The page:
Jan

Lots of Hot Air and Gases

Lots of Hot Air and Gases

By Tim Krof

As winter approaches and the thermostat plummets below zero, we will all be depending on our furnaces to keep us warm and toasty.  The monthly costs to run this appliance will vary depending on outside temperature, thermostat settings and the efficiency of the unit.

We have no control over the outside temperature, but we can control our thermostats more efficiently by using a programmable thermostat to regulate the interior temperature when we are not at home during the day.  We can also keep those monthly utility costs low by purchasing high-efficiency furnaces when it comes time to replacing ‘Old Bertha’.

Furnaces have AFUE (Annual Fuel Utilization Efficiency) ratings that measure the efficiency of the furnaces ability to convert the natural gas into space heat, and are generally reflected as a percentage, like 80%, 90% or 95%.   This percentage indicates the amount of gas used to create the space heat in relation to the amount of gas supplied to make it.  In other words,  an 80% efficient gas furnace indicates the furnace converts 80% of the natural gas supplied to the unit into usable heat dispersed through the ductwork,  the other 20% is lost in the combustion gases from the conversion process.  So the higher the efficiency, the less gas that will be used to heat the home.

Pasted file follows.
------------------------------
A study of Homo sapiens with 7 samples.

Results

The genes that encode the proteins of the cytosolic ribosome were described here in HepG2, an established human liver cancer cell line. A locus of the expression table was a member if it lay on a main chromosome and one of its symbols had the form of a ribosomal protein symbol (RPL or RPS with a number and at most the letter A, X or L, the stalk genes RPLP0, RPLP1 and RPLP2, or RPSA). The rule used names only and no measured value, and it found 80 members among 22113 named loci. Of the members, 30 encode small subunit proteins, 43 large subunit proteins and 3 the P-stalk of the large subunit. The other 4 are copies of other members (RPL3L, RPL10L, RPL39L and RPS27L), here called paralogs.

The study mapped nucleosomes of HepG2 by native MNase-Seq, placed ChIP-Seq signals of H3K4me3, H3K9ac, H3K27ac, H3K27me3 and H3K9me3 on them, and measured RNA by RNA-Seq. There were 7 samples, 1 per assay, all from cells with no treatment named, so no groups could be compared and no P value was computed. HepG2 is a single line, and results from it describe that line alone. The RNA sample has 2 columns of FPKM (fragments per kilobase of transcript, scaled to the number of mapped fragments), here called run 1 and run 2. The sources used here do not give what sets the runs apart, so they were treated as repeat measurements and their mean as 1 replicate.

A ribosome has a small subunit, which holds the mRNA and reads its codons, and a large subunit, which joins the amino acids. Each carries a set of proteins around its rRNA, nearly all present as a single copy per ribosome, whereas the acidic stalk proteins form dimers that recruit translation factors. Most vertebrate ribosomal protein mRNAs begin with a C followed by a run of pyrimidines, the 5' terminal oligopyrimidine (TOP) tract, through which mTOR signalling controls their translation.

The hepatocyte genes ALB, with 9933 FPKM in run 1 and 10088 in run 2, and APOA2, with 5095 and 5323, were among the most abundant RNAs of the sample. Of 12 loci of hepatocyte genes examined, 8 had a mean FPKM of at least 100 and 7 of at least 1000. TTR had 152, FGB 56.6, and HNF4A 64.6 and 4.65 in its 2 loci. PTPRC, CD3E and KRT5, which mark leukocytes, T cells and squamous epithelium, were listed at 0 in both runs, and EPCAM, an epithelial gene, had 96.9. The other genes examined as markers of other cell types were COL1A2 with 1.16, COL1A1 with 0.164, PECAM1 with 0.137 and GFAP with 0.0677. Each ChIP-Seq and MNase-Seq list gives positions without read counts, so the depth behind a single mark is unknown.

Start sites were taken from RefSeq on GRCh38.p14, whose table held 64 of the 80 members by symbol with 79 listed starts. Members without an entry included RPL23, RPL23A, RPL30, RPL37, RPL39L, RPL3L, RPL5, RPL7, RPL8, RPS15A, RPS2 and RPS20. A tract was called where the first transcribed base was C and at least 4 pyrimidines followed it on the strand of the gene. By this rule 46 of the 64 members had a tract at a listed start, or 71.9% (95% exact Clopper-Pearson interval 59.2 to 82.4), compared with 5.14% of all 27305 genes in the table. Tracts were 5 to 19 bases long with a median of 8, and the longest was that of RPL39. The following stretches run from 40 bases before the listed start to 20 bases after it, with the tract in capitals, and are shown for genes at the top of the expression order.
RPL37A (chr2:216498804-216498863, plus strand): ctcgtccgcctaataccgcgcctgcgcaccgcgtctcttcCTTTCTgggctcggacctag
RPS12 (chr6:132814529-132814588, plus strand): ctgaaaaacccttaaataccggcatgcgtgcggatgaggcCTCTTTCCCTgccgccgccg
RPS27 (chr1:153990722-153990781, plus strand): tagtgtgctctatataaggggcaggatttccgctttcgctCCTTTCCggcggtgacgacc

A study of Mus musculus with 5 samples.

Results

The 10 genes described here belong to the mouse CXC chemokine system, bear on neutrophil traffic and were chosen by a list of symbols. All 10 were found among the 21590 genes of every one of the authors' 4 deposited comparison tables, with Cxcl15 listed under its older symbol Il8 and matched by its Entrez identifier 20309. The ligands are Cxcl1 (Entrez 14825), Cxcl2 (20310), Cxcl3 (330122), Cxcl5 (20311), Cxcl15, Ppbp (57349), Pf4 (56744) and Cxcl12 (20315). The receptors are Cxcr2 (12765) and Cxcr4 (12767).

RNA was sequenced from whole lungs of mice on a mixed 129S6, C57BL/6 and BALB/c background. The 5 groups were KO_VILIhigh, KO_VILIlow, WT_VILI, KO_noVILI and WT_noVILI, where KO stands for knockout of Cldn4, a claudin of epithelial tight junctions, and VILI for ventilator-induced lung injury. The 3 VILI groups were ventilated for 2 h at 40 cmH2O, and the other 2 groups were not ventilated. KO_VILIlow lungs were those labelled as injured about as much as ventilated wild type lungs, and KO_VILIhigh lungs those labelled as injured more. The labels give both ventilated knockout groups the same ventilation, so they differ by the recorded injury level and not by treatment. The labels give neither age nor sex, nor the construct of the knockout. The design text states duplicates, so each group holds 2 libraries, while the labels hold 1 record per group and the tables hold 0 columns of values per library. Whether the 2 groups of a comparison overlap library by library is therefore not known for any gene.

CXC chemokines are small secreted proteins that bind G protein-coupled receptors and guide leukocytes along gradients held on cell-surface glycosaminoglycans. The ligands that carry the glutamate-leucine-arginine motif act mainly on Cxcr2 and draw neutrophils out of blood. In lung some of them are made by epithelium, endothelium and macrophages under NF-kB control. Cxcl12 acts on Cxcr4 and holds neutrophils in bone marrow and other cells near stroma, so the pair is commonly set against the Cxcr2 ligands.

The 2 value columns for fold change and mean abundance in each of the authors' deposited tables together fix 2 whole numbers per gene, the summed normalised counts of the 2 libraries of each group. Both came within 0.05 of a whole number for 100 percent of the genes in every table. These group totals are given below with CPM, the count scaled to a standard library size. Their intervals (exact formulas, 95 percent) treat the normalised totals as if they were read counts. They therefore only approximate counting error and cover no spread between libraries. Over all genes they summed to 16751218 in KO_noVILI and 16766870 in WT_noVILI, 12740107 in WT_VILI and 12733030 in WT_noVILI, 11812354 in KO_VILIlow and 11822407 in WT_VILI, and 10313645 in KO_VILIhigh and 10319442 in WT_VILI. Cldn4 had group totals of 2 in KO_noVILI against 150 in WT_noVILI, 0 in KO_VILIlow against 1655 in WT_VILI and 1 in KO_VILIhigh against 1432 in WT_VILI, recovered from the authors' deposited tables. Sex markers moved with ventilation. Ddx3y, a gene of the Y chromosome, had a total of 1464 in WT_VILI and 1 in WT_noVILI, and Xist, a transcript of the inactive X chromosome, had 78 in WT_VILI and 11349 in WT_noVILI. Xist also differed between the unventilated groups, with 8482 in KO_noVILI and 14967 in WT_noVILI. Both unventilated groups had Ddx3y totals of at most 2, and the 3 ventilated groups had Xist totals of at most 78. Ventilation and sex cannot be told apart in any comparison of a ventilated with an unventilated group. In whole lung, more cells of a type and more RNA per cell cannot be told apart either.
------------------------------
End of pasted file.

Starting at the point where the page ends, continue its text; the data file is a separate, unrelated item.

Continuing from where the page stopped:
There are 2 types of gas furnaces, conventional and condensing.  Both types use gas fuel burned in heat exchangers, but they differ in how they use the combustion gases.

A conventional furnace will exhaust the flue gases fast and hot, before they have had a chance to cool off and condense, thus making the heat exchange process less efficient.

Condensing furnaces actually capture heat even after the combustion gases have cooled and condensed. They do this by using two heat exchangers, one for primary heat exchange and the other to handle the corrosive condensed exhaust gases of water and carbon dioxide (which form carbonic acid). The exhaust gases are depleted of heat until the water condensate drips out of the furnace’s heat exchanger and the flue gases escape from a plastic PVC pipe instead of a metal flue or chimney.  This process allows the furnace to convert over 90% of the gas supplied to the unit.